I remember a time not too long ago when blogs were viewed in a fairly negative fashion. They were considered a hobby, a place where regular folk could mull over the issues close to their heart while sitting at home in their pyjamas. It was not all that uncommon for blogs to be viewed with contempt.
How times have changed.
Blogging is now big business and a necessary cog in the marketing wheel of an organisation. Not only does blogging bring awareness to a company and educate the public about a product and/or service, but some blogs have also been the very starting point for a business.
The following four are notable examples of blogs that became profitable and influential businesses.
This tech and social media giant was founded in 2005 by a then 19-year-old Peter Cashmore from his parent’s home in Scotland. While recovering from an illness, Cashmore started blogging with no advertising and far from the major technology hubs.
It has grown to have more than 28 million social media followers across several sites, including Mashable Technology and Mashable Entertainment. With diverse topics spanning social media, business, tech, entertainment and now also video, Mashable has 45 million unique visitors each month and is a force to be reckoned with in online news.
The Daily Edited
This venture shows that a blog doesn’t necessarily have to be tied to what you previously studied or your current career. Australian lawyers Alyce Tran and Tania Liu started their fashion and accessories blog as a hobby in 2012. This then evolved into creating their own luxury, custom-monogrammed leather products and building up a healthy brand following on Instagram.
While still working full-time in their Perth law firm, the young women toiled away in the evenings on The Daily Edited until it grew so profitable and took up so much time they eventually resigned from their law jobs. The now-international business had an annual turnover of $5 million in 2015 and was expected to top $15 million in 2016.
This blog-to-business was created in the Brisbane bedroom of 21-year-old Alborz Fallah, who said he started it simply because he was bored and on the lookout for interesting car websites. He told the Entrepreneurs-Journey.com podcast he created three blogs at the same time to see which one would gain the most traction. The clear winner was CarAdvice.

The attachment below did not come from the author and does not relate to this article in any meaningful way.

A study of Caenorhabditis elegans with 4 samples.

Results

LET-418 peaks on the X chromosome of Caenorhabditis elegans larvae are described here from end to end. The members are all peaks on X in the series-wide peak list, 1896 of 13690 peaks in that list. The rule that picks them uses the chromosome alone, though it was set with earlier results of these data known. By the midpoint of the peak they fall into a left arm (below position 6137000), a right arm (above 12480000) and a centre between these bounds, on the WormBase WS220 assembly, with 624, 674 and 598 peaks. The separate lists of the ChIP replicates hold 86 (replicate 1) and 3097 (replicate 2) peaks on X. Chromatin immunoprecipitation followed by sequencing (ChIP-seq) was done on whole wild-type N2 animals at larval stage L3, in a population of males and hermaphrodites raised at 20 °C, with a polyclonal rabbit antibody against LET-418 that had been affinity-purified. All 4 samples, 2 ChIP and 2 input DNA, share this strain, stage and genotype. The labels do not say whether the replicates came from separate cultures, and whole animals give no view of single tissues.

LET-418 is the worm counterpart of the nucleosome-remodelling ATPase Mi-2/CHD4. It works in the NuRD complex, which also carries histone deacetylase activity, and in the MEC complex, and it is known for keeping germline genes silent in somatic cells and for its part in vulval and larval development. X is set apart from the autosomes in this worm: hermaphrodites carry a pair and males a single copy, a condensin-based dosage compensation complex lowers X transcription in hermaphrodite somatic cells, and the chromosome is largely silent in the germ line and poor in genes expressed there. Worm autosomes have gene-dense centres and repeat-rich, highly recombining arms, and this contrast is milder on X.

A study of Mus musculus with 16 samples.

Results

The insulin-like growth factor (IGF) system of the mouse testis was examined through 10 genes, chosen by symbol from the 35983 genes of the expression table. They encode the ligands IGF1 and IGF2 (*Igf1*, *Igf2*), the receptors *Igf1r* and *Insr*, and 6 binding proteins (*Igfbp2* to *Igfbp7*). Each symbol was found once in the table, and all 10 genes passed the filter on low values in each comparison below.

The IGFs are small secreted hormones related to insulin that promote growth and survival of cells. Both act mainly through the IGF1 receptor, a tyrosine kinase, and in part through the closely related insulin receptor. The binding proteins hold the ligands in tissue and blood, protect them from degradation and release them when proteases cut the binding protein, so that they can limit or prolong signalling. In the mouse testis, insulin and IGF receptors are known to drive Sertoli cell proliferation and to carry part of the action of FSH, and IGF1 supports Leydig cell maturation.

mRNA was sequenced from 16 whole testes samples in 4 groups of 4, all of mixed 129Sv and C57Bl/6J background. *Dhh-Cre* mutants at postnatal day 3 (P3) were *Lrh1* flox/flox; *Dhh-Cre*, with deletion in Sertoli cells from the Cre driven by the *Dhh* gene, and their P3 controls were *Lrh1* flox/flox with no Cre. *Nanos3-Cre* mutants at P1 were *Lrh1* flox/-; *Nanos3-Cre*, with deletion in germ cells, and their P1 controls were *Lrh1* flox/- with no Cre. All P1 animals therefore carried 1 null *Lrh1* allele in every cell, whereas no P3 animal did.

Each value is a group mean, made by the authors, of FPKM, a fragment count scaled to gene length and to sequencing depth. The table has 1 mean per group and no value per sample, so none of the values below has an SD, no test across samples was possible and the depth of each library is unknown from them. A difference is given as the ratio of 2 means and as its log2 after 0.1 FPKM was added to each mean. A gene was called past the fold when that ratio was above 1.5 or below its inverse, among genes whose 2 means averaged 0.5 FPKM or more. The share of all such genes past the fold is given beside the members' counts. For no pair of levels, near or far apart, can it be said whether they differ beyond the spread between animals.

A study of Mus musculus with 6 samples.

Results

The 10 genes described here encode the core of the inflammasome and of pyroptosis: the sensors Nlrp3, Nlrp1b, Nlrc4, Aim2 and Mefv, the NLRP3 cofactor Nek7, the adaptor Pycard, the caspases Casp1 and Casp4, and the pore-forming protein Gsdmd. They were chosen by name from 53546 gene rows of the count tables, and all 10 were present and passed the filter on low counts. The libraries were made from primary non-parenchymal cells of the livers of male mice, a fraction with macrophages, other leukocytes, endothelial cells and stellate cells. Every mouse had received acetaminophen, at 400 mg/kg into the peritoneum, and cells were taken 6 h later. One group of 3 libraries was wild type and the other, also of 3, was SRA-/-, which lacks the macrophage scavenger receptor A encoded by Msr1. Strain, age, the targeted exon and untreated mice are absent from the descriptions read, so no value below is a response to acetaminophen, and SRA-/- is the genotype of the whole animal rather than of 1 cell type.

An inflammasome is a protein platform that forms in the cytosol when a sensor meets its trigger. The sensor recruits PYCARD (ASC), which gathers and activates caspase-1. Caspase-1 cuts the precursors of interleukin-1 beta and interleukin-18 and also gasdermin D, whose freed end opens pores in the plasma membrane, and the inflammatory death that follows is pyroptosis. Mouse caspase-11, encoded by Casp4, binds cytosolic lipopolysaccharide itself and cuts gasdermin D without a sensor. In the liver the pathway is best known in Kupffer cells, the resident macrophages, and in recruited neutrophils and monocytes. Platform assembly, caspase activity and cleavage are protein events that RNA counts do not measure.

The blog became a hub for everything cars: reviews, news, reports, new technology and showrooms, with millions of dollars in advertising, 500,000 Facebook likes, and YouTube videos that regularly have up to one million views. Last year CarAdvice was sold to Channel Nine for a cool $35million. Not bad for a car-loving guy with a blog.
I Quit Sugar
Journalist Sarah Wilson was on a journey to calm her symptoms of Hashimoto’s, an autoimmune disease affecting the thyroid. So in 2011, she removed sugar from her diet for just one fortnight, and then reported the positive results in her newspaper column and on her personal blog.
This spawned an I Quit Sugar empire in just a few short years, with e-books, paper books, an online program and more. With more than one million fellow quitters, 355,000 Instagram followers and just shy of one million Facebook likes, Wilson managed to build a business and turn over millions of dollars.
Blogging is undoubtedly an important part of business and from what we’ve seen with these examples, a blog can become a business in its own right. If you need help with your blog, contact us at Lush. We have a team of writers who love the ins and outs of blogging.
Does your brand pass the ‘so what’ test?
Authenticity vs oversharing [podcast with show notes]
How does the world see you and your business?